Popular Uses for Drones

By Mark LaFay

How do most people use their drones? In the United States, the organization that controls all air traffic (private and commercial) is the FAA, which stands for the Federal Aviation Administration. In 2012, the U.S. Congress passed a law requiring the FAA to issue rules for legalizing the commercial usage of drones in the United States by September of 2015.

Currently, drone usage is protected under the FAA’s regulations pertaining to recreational and hobby uses as long as the drone is under 55 lbs. With no good way of monitoring or policing drone usage, however, there have been many private individuals, companies, farmers, small businesses, and so on that have begun using drones to help them get work done faster, smarter, and at lower risk and liabilities.

Remote sensing

Drones can carry sensing equipment to assist with any number of functions. Geological surveying, agriculture, archeology, and several other industries can benefit greatly from the myriad of sensors that can be packed into a drone. Here are just a few examples of how the agricultural industry, for example, uses aerial sensors:

  • Drones can use Lidar to measure the height of crops. Lidar is a remote sensing technology that measures distance by illuminating an object with a laser (near-infrared or UV) and then measuring what is reflected back.

  • Heat sensors detect the temperature of livestock, the presence of water, water temperature, and for surveillance and emergency response (if someone is injured in a remote field away from heavy equipment).

  • Multi-spectral instruments can count plants (crop density), check the health of plants, and even assess water quality.

  • Visual spectrum sensors make it possible to survey and map land.

  • Biological sensors can be used to take air quality readings and check for the presence of specific micro-organisms or organic compounds.

Commercial aerial surveillance

When you hear surveillance, chances are good that you think about security cameras designed to catch lawbreakers. Or possibly spying and monitoring of your personal movements and actions. Here are just a few ways that aerial surveillance can be helpful:

  • Farmers use drones to monitor livestock on vast spreads of land.

  • Fire departments can use drones to track and map wild fires.

  • Private companies can use drones to monitor their infrastructure such as pipelines, buildings, and so on.

  • Using drones to inspect power lines, towers, tall structures like chimneys and roofs would save businesses vast amounts of money and would reduce liability exposure from having humans in harm’s way.

Commercial and motion picture filmmaking

In 2014, the Motion Picture Association, backed by seven companies, petitioned the FAA to allow the use of drones in video and filmmaking. Drones dramatically reduce the cost associated with gathering action or aerial footage that up until now would require expensive equipment like booms and dollies or even helicopters or other manned aircraft.

In September of 2014, the FAA issued permits to six film studios for the use of drones in filmmaking. Drones are also being used to gather footage in sporting events because of their ability to maneuver into locations that cable-suspended cameras cannot reach. Most recently, drones were used to gather footage of the skiing and snowboarding events in the 2014 Sochi Winter Olympics.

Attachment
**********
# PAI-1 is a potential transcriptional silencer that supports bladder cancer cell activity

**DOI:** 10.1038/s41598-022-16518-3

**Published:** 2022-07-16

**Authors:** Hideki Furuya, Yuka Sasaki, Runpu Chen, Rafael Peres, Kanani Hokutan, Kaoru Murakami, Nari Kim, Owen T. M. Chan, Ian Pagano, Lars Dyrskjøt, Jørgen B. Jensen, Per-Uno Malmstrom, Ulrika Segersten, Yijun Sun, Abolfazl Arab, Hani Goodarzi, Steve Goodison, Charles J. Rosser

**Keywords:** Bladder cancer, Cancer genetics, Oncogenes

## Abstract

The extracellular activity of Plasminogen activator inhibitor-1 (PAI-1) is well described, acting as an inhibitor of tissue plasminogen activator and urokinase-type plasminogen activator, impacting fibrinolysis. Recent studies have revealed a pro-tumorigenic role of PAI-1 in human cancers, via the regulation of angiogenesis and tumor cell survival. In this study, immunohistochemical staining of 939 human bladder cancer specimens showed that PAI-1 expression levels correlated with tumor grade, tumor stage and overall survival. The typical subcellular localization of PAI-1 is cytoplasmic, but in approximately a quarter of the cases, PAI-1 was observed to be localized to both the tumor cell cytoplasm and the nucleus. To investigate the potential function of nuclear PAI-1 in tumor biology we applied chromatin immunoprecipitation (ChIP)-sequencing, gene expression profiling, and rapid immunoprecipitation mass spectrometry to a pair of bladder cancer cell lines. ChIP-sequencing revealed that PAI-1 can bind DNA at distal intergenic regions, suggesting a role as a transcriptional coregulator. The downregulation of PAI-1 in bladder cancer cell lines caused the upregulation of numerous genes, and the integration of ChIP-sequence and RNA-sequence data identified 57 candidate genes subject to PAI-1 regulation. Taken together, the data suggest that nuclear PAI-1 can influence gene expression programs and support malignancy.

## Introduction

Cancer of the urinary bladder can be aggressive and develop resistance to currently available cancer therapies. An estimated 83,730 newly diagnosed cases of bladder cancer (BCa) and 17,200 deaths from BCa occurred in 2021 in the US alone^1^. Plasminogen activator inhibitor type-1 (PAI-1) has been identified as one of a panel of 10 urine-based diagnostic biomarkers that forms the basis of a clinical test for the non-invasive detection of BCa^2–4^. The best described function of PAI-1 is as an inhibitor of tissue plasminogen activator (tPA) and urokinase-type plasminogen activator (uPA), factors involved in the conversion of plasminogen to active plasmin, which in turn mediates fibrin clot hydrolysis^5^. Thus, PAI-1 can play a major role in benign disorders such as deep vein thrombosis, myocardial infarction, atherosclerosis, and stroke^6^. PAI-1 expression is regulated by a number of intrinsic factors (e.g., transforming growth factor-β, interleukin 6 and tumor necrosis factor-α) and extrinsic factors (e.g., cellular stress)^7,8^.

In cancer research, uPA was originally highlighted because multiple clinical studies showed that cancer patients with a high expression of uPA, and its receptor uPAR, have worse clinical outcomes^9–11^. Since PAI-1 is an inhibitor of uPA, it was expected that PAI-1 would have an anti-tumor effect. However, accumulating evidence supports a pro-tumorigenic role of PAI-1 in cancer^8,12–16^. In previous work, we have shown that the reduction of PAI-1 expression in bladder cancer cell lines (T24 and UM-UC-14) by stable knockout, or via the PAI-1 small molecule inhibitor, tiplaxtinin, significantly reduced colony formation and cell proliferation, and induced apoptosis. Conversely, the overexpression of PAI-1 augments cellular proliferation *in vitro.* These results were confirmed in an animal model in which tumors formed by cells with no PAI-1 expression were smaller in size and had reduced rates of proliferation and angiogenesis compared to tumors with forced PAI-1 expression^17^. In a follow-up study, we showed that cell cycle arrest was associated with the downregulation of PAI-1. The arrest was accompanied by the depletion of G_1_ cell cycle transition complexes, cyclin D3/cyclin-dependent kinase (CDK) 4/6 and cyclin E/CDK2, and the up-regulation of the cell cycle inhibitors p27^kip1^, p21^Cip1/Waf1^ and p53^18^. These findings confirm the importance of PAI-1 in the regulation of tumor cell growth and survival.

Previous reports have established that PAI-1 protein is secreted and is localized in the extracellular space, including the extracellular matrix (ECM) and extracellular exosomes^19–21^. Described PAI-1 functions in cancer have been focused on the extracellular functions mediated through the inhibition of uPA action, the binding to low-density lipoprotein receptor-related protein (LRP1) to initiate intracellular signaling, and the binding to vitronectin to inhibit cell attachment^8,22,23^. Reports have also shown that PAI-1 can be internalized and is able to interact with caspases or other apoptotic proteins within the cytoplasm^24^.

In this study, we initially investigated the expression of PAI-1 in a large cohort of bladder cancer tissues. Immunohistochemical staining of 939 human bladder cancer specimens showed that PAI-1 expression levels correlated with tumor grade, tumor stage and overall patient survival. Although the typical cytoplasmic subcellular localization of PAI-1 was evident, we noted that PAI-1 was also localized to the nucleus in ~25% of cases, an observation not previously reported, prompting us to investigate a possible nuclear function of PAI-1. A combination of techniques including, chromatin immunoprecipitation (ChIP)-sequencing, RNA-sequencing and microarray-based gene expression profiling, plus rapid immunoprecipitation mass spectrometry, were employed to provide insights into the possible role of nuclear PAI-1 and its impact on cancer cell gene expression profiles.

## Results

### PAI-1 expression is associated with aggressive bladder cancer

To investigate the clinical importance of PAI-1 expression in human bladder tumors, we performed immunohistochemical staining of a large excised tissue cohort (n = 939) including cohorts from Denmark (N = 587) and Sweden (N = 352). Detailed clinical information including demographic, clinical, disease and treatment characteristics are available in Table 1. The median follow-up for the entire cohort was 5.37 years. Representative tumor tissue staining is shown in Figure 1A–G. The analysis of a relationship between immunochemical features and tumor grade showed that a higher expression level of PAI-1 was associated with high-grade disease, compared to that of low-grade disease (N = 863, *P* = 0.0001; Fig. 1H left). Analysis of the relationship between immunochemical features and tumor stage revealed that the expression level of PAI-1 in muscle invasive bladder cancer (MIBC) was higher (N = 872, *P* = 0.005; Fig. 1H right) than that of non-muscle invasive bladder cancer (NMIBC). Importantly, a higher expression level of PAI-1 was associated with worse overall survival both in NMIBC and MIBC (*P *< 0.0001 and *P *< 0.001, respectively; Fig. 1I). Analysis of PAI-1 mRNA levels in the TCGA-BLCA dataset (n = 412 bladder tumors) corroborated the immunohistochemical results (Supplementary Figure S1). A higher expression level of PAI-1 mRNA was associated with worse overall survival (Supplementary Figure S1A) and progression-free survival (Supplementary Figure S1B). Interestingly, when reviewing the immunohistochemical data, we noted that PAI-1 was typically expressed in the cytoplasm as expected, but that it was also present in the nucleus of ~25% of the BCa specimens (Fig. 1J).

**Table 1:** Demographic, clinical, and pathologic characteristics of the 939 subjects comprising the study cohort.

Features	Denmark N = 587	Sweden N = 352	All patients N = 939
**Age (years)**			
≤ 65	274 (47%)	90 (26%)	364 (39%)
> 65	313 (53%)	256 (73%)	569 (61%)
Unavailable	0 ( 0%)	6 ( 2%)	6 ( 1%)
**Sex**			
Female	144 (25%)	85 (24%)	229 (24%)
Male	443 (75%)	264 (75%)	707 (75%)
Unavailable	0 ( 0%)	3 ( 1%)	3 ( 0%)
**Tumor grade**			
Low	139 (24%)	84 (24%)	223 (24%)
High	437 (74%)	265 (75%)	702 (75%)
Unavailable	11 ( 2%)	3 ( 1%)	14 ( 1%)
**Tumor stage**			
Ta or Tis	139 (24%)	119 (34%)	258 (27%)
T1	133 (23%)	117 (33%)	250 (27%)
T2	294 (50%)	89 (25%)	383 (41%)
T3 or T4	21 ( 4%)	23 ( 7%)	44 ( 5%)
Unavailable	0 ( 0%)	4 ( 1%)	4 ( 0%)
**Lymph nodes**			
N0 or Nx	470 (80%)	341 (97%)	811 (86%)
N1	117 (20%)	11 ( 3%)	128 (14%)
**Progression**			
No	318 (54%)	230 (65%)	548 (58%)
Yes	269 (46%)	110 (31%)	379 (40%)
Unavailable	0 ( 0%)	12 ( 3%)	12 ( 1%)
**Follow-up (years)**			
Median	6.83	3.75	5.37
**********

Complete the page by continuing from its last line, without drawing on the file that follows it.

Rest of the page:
Oil, gas, and mineral exploration

With the help of specific electromagnetic sensors, drones can be used to gather geological information to help geophysicists identify and better approximate the location and presence of minerals, oil, and natural gas.

Disaster relief

The milieu of sensors that can be packed into a drone can be used to help locate and save life in the midst of natural disasters. Drones can be used to gather and deliver medical samples, supplies, and medicine to remote or otherwise unreachable areas in a disaster zone. Drones can also use infrared sensors to detect humans by their heat signature which is helpful in search and rescue scenarios.

Real estate and construction

Drones have made it possible to survey land and gather information at job sites. Realtors, developers, and builders have also begun using drones to gather video and imagery for home and building inspections and marketing materials to assist the selling process.

Recreational use

Needless to say, drones can be extremely useful devices for a plethora of applications ranging from agriculture to national security. However, you can’t forget that drones are also really fun to use. The miracle of flight is something that has fascinated man for millennia, so it’s no wonder that hobby flight enthusiasts have been tinkering with flying machines since the late 1800s.

The good news is that personal and hobby use of drones is perfectly legal in the United States. Recreational flying can be done anywhere but is best if done in open locations so that you can always see your aircraft. This is called lineofsight flying. Attaching a camera to your drone is also a lot of fun for gathering beautiful imagery and video of the world around you.

Until the emergence of drones, to take aerial photos or videos, you needed a really tall ladder or a friend with a helicopter/plane to be able to capture the footage. A word of caution, be careful of who, what, and where you take photos and video with your drone. Privacy is a major concern for many people.

Hobby groups and flying clubs exist all around the globe; plugging into a group is a great way to meet other people passionate about flying. It’s also a great way to learn how to fly, learn new techniques, service and maintain your aircraft, and more.